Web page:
The Department for Transport has recently given an insight into the attitude of members of the public towards transport-related issues in Britain, as revealed in the British Social Attitudes Survey 2016.

The survey covered issues such as willingness to change current travel behaviours, attitudes to the environment and transport, congestion, and also views on road safety.

Mobile Phone Use While Driving

One aspect of road safety covered by the survey was the use of mobile phones while driving. The survey found that whilst 50% agree that all use of mobile phones while driving, including hands-free phones, is dangerous, only 40% agree that all such use of mobile phones should be banned.
Support for banning mobile phones while at the wheel has apparently remained around ten percentage points below those agreeing that hands-free phones are dangerous for the past ten years. There has also been constant support for the idea that there is not sufficient enforcement of the relevant law. In 2016, 71% agreed or strongly agreed that “The law on using mobile phones whilst driving is not properly enforced”. This proportion has remained consistent since 2007.

Attitudes to Drink Driving and Speed Cameras

The survey also covered drink driving, and found that around 80% of respondents agreed with the statement “If someone has drunk any alcohol they should not drive”. Agreement has remained at this high level for the last decade. A similar proportion of adults also agreed that “Most people don’t know how much alcohol they can drink before being over the legal drink drive limit”.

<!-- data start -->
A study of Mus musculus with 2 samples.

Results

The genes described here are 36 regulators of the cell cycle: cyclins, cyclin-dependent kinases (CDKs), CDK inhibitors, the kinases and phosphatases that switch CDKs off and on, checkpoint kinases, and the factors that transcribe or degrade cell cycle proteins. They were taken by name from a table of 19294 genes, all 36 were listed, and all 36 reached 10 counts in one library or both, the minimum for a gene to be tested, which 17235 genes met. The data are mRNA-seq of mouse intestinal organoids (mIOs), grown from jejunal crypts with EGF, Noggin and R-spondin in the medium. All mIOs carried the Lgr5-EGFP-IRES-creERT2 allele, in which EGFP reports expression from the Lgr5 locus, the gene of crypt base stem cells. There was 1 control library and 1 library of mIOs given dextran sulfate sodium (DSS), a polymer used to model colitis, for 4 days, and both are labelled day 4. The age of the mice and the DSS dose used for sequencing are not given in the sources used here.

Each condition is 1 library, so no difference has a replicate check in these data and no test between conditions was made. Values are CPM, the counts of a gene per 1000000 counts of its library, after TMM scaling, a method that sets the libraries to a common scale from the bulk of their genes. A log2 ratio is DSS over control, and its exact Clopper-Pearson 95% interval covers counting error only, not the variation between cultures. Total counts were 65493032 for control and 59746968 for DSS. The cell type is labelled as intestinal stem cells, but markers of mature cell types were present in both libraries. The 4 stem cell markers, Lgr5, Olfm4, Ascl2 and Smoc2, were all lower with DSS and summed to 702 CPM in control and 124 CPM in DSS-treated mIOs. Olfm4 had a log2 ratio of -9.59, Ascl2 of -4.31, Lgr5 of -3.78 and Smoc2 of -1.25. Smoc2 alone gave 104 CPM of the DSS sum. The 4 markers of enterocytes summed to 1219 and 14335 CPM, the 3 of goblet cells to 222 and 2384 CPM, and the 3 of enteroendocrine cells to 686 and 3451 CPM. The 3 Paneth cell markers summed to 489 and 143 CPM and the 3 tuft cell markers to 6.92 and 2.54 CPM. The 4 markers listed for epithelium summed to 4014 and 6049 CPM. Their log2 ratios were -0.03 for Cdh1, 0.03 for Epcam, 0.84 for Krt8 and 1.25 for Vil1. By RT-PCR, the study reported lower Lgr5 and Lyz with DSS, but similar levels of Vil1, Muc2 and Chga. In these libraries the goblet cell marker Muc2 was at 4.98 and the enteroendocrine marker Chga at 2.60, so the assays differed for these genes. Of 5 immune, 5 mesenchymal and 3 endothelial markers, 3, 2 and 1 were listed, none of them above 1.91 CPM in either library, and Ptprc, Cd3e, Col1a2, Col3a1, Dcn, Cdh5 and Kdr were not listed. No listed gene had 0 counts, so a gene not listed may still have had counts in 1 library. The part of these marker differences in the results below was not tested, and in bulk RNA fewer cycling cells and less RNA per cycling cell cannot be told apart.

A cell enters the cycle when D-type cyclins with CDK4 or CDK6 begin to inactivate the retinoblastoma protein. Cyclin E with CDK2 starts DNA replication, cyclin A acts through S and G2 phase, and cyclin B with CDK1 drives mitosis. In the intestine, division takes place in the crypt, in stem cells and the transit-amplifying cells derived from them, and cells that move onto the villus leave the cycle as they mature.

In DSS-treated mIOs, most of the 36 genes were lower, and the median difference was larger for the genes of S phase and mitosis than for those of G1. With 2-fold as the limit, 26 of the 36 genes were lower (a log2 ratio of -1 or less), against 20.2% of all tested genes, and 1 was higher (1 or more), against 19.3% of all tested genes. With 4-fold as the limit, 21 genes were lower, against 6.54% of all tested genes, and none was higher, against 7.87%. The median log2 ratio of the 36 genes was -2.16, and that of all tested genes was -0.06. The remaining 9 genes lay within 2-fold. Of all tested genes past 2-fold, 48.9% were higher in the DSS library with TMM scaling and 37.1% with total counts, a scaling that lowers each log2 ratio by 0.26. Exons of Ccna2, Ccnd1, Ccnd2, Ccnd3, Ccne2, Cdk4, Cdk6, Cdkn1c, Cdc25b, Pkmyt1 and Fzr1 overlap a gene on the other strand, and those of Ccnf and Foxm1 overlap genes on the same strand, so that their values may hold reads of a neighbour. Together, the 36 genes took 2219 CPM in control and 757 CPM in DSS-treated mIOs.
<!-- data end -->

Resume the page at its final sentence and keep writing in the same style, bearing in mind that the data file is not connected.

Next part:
A third element of road safety covered by the survey was the use of speed cameras on the roads. The survey found that agreement with the statement “speed cameras save lives” rose from a low of 42% in 2005 to 56% in 2016, whilst disagreement fell from 31% to a low of 19% over the same time.
Nearly half of respondents apparently think that speed cameras are mostly there to make money. A third said that there are too many speed cameras, but agreement with this has decreased to 32%, the lowest point in the last decade.

Police Targeting Mobile Phone Use

Motoring organisation RAC issued a statement in response to the figures, particularly in relation to the revelation that 71% of drivers feel that the law on using a handheld mobile phone is not enforced properly.
“The law is clear, and the penalties for disobeying it are now stronger for very good reason – a pinging, buzzing smartphone represents one of the biggest modern day distractions in a moving vehicle,” commented RAC road safety spokesman Pete Williams. “Government and industry must not let up in their efforts to explain the risks of dangerous mobile phone use to UK motorists.”
“Drivers have consistently stated that the law on handheld mobile phone use at the wheel has not been effectively enforced and they do not believe there are enough traffic officers on our roads,” he said. “In fact the number of dedicated roads policing officers has declined by almost a third in ten years so we now have just 2,643 in England and Wales. However, with the doubling of the fine and points from 1st March catching offenders using a handheld phone whilst driving has become a priority for many police forces.”
“Drivers should be aware that police are now targeting handheld mobile phone use and deploying a range of tactics to catch offenders in the act from motorcycle cops to double-decker snipers,” he added.